Hundreds of visitors flocked to Shiloh in Samaria’s Binyamin region on Thursday to welcome a biblically pure red heifer.
The 22-month-old cow, which was brought to Israel from the United States, found a new home at the Ancient Shiloh heritage site, where the biblical Tabernacle once stood.
In the coming month, two more heifers will be transported to the town, and a center will open there dedicated to researching the phenomenon. The heifers will be kept in a fenced-off area, and visitors will not be able to touch the animals.
The mysterious red heifer, or Parah Adumah, is first mentioned in the Book of Numbers, when God instructs Moses and Aaron to take “a perfectly red unblemished cow, upon which no yoke was laid.” The animal is subsequently slaughtered, and its ashes are used in a purification ritual.
The discovery of an entirely red such heifer is a rarity. Jewish sources state that only nine were slaughtered in the period from Moses to the destruction of the Second Temple in 70 C.E. According to the 12th-century sage Maimonides, the Messiah will offer the 10th red heifer.
In keeping with biblical law, the heifer put on display in Shiloh is completely red, and has never borne a yoke.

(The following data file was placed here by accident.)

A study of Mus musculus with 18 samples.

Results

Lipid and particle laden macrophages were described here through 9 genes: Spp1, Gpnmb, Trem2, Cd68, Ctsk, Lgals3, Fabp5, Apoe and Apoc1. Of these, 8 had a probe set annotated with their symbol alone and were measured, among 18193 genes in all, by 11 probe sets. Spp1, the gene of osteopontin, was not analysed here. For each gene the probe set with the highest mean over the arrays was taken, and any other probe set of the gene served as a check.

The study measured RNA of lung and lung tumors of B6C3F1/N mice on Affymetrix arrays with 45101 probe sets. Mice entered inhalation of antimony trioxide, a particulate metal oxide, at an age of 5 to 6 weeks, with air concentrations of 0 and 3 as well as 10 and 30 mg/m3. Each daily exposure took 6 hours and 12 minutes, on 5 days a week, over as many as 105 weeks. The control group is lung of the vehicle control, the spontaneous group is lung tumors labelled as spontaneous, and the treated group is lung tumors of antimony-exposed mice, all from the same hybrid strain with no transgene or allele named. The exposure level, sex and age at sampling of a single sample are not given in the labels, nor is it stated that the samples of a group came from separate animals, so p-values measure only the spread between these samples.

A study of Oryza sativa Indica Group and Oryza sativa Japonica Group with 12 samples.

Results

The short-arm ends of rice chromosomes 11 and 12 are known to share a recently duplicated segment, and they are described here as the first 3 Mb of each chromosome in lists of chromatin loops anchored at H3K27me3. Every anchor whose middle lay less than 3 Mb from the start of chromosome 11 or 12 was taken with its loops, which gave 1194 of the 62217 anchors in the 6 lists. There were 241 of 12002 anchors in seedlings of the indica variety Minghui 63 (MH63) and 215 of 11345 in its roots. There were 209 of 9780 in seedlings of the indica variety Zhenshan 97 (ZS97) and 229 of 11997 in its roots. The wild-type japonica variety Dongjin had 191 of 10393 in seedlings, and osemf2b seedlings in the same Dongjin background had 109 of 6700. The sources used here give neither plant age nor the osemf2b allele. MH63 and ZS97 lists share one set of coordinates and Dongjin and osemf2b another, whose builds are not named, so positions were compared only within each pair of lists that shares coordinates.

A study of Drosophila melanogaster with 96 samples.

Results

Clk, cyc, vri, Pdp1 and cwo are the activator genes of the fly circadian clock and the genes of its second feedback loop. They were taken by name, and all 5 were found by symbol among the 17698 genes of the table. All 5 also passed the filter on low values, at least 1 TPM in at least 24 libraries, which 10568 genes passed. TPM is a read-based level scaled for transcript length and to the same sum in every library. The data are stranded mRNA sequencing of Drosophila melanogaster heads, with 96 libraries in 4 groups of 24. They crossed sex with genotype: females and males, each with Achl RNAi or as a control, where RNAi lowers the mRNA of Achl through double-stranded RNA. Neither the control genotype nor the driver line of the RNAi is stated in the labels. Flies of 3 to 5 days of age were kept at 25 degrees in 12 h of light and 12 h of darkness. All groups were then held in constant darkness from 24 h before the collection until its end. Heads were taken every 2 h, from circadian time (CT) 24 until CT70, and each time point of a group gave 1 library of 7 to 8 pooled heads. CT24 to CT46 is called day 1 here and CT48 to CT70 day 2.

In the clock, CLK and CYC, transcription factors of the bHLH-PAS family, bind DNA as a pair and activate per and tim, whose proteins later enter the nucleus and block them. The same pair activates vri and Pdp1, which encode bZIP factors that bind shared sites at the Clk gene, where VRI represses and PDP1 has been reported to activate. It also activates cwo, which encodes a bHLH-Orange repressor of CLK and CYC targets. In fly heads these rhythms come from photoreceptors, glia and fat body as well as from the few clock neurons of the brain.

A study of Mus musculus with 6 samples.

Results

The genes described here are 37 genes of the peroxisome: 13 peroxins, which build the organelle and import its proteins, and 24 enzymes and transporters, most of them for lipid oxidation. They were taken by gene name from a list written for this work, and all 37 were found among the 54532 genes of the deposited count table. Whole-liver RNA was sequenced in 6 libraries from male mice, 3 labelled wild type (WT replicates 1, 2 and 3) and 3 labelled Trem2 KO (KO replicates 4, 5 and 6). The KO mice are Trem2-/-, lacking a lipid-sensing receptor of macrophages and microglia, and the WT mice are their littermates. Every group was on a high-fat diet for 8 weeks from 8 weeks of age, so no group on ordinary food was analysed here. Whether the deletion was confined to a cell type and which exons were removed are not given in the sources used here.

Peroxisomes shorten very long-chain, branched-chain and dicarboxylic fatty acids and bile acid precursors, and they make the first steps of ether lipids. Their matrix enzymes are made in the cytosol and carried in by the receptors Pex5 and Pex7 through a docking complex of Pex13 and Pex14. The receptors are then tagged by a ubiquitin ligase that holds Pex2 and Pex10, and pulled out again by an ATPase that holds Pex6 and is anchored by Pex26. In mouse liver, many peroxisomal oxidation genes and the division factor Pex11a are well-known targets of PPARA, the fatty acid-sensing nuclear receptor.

“This is an exciting and exceptional event for the entire Jewish people,” said Ancient Shiloh CEO Coby Mamo. “We are already in touch with researchers and promoters around the world who are waiting to come here with large groups. We have returned to the site of the Tabernacle in Shiloh and are bringing back the Jewish past for the future of our people.”
Binyamin Regional Council head Israel Ganz called the cow’s arrival a “historic moment.”
“The Ancient Shiloh site is continuing to grow and develop, and the Red Heifer Center will attract more visitors, up to one million a year, from Israel and around the world,” he added, calling it “good news for the Jewish world, for scientists and researchers, and for everyone.”
The red heifer arrived as part of the council’s Binyamin Temple Conference, which started on Wednesday with a Temple-era dinner.
The conference continued on Thursday with lectures at Tel Shiloh, the center of Jewish life before the construction of the First Temple in Jerusalem. Among other topics, speakers discussed the offering of the Passover sacrifice in modern times, the traditional grape varieties of the region, and urban and logistic planning “in the vision of future Jerusalem.”